Thursday 2 July 2020

Over the last two weeks we have brought you tales from some outstanding carers in the First World War! It’s time to put that knowledge to the test and see how much you have remembered in our truly tricky Family Mission quiz!

If you want one last quick reminder you can still view our Adventures in History videos with Ngaire below.

Good Luck and don’t forget to tell us how you scored on IWM’s Facebook and Twitter


Elsie Knocker and Mairi Chisholm, "The Women of Pervyse", amongst the rubble in town, 1915.
Elsie Knocker and Mairi Chisholm in 1915 © IWM Q 105913


1. In part one, what is the first object Ngaire shows you?
2. Who made these objects?
3. What did Ruby Ord sign up for in the First World War?
4. Mairi Chisholm and Elsie Knocker were nurses in the First World War. Why were they given the nickname the Madonnas of Pervyse?

Miss Lawson and Miss Heesman, of the First Aid Nursing Yeomanry, with their dogs and ambulances in Calais, January 1917.
Miss Lawson and Miss Heesman, of the First Aid Nursing Yeomanry, with their dogs and ambulances in Calais, January 1917. © IWM Q 4672

5. What special award was given to Elsie Inglis for providing medical care to the soldiers in Serbia and Russia?
6. Ngaire showed us a photo of two doctors dressed up with pom poms on their costumes. Why were they dressed like this?
7. In part two we hear some stories from the diary of military nurse Martha Withal. What does she tell us she did for the patients in the military hospital where she worked at Christmas time in 1914?

Group of Queen Alexandra's Imperial Military Nursing Service sisters on board of one of the hospital ships, probably on the way to Egypt.
A group of nurses from Queen Alexandra's Imperial Military Nursing Service aboard a hospital ship. © IWM Q 72798

8. What was so special about Sergeant Major Flora Sandes?
9. When Dr Francis arrived in France in 1914 as Chief Surgeon, where was she expected to treat her patients?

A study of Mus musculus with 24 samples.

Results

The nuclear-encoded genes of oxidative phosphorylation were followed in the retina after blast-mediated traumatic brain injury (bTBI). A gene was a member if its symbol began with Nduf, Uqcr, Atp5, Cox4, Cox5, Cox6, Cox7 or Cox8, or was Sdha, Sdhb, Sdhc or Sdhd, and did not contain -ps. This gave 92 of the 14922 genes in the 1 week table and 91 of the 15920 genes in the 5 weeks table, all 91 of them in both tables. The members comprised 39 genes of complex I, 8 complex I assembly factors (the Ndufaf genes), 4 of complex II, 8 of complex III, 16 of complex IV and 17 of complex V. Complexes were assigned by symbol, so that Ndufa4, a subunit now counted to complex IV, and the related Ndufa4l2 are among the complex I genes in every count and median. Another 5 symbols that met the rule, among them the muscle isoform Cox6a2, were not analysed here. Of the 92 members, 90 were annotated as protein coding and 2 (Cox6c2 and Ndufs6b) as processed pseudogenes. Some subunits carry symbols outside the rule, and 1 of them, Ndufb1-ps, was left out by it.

10. What was one of the ways children back home in the UK would have helped with the war effort?
Click here to reveal the answers!

1. Heart shaped pin cushion

2. Hand made by soldiers recovering from their battle wounds

3. Volunteered with the WAACs (Women’s Auxiliary Army Corps) taking on jobs such as ambulance driving and caring for soldiers in field hospitals.

4. Because of the incredible care they delivered to the soldiers fighting on the front lines. They were given a special Act of Parliament to work very close to the fighting to help save lives.

5. The Order of the White Eagle, the highest honour that Serbia can give

6. To put on a concert/play/performance for the injured soldiers to help keep their spirits up

7. She bought them all presents and made up stockings for them for Christmas day

8. She was the only woman to fight as a soldier in the First World War

9. It was a 700 year old church

10. They helped to grow food at school, at home and in local gardens and parks.

How did you get on?

1-3: Good effort (if you want to find what you missed you can go back and watch the videos again)

4-7: Brilliant effort (if you want to find what you missed you can go back and watch the videos again)

7-11: Wow you could even work for IWM someday (If you want to learn even more go back and watch other Adventures in History)

Discover More Stories

Shop for Machining 15-inch Shells: Singer Manufacturing Company, Clydebank, Glasgow, 1918
© IWM (Art.IWM ART 2271)
Women In Wartime
12 Things You Didn't Know About Women In The First World War
The First World War brought many changes in the lives of British women. It is often represented as having had a wholly positive impact, opening up new opportunities in the world of work and strengthening their case for the right to vote. The reality is more complex. 
The Medical Officer of the 12th Battalion ,East Yorkshire Regiment conducts a foot inspection in a support trench near Roclincourt, 9 January 1918.
First World War
How To Keep Clean And Healthy In The Trenches
Conditions on every fighting front posed serious issues for the health of soldiers during the First World War. Over 6 million British and British Empire soldiers were treated for sickness, and, without improvements in sanitation and medical care, the figure could have been far higher.